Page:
Congress Clears Bill to Raise Debt Ceiling by $2.5 Trillion, in Time for Treasury Dept. Deadline

By Katabella Roberts
Katabella Roberts
Katabella Roberts
Katabella Roberts is a reporter currently based in Turkey. She covers news and business for The Epoch Times, focusing primarily on the United States.
December 15, 2021 Updated: December 15, 2021

The House voted early on Dec. 15 to raise the debt ceiling by $2.5 trillion until 2023, just in time for the deadline set by the Treasury Department, potentially avoiding an economic crisis.

Lawmakers passed the bill, which increases the limit to close to $31 trillion, in a 221–209 vote with just one Republican, Rep. Adam Kinzinger (R-Ill.), voting yes.

The Senate had previously approved the measure in a 50–49 party-line vote on Dec. 14 with no Republican support after months of disagreements between Democrats and Republicans, with the latter refusing to help raise the limit on the Democrats’ “out-of-control spending spree.”

The bill now heads to President Joe Biden’s desk to be signed into law, ending months of back and forth between both parties and a potential U.S. default that Treasury Secretary Janet Yellen had warned would be economically “catastrophic.

Currently, federal debt is $28.9 trillion, and the latest increase to the debt ceiling is the largest in recent history. After Republicans filibustered one effort to raise the debt ceiling through normal legislative means, leaders from both parties reached a deal to temporarily extend the debt ceiling until an agreement could be reached.

Eventually, Senate Majority Leader Chuck Schumer (D-N.Y.) and Minority Leader Mitch McConnell (R-Ky.) arrived at a deal that changed Senate rules to allow Democrats to pass the measure with a simple majority rather than the 60 typically needed to overcome the filibuster.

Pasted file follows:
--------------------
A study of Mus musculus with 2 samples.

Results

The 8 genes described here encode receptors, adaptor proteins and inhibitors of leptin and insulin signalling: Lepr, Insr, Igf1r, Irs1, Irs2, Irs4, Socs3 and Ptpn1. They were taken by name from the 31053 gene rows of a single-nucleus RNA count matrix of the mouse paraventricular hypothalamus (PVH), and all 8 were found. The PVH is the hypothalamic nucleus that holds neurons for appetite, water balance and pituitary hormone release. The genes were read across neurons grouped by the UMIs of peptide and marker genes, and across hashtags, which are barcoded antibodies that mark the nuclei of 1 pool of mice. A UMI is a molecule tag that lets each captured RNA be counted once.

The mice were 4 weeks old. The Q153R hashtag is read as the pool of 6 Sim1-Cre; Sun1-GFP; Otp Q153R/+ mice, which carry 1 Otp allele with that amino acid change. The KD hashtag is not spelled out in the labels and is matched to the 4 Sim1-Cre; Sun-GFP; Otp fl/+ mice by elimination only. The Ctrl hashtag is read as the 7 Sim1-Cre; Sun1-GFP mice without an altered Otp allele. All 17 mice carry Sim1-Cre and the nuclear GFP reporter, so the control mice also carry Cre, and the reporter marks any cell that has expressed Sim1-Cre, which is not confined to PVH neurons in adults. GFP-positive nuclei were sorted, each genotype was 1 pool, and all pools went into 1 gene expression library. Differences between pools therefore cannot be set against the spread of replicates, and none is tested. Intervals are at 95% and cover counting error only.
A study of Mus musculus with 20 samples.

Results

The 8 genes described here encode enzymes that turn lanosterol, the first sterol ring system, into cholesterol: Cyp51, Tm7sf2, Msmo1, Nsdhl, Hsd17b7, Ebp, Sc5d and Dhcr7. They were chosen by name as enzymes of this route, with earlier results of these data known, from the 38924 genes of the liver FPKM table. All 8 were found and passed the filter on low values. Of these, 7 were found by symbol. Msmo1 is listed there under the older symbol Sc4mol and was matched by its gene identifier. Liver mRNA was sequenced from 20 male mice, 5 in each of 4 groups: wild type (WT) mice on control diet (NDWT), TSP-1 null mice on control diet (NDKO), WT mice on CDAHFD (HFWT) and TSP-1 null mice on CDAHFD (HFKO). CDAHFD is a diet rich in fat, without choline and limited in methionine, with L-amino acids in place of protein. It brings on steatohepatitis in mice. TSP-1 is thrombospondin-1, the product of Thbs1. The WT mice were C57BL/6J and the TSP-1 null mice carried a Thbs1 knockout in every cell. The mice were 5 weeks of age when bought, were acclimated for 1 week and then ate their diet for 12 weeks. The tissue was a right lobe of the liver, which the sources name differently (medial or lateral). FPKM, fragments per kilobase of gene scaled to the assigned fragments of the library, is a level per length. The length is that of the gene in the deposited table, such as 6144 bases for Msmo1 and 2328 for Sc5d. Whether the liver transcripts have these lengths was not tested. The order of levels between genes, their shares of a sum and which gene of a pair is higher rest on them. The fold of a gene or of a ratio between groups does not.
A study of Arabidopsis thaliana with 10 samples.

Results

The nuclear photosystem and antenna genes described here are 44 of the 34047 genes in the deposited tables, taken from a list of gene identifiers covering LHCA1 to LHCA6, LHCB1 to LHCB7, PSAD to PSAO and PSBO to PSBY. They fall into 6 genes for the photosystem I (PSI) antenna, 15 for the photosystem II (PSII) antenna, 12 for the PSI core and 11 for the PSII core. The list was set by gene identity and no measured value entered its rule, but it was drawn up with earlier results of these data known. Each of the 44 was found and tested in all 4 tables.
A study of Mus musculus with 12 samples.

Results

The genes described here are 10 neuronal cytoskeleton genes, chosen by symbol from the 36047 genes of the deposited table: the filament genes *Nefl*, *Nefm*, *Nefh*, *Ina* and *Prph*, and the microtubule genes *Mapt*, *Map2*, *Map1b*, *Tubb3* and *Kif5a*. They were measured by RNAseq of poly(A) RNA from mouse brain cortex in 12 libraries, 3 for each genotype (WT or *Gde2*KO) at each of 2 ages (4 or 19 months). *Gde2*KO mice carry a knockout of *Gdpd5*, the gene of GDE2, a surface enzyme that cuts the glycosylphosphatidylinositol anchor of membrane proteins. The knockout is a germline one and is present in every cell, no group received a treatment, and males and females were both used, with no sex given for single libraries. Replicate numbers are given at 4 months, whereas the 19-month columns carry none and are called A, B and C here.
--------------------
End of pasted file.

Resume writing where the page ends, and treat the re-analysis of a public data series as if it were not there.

Schumer said the increase would take borrowing into 2023, through next year’s Nov. 8 midterm elections, which will determine control of Congress.

Schumer said on the floor: “As I have said repeatedly, this is about paying debt accumulated by both parties, so I am pleased Republicans and Democrats came together to facilitate a process that has made addressing the debt ceiling possible. I want to thank the Republican leader and all my Republican colleagues who reached out across the aisle in good faith to bring us to this point.

“No brinksmanship, no default on the debt, no risk of another recession: responsible governing has won on this exceedingly important issue. The American people can breathe easy and rest assured there will not be a default.”

“I want to be very clear: Raising the debt ceiling is not about incurring new debts, but rather enabling the federal government to keep its existing commitments,” said Rep. Don Beyer (D-Va.), chairman of the Joint Economic Committee. “By raising the debt limit, we are meeting our existing obligations to members of the military, veterans, and recipients of Medicare, Medicaid, and Social Security.”

Republicans, who control half of the Senate’s 100 seats, have made associations between the vote raising the debt ceiling to Biden’s $1.75 trillion “Build Back Better” plan, which seeks to fund multiple items, from climate change-related matters to the expansion of affordable health care.

“Later today, every Senate Democrat is going to vote on party lines to raise our nation’s debt limit by trillions of dollars,” McConnell said ahead of the vote. “If they jam through another reckless taxing and spending spree, this massive debt increase will just be the beginning.”

Reuters contributed to this report.

Katabella Roberts is a reporter currently based in Turkey. She covers news and business for The Epoch Times, focusing primarily on the United States.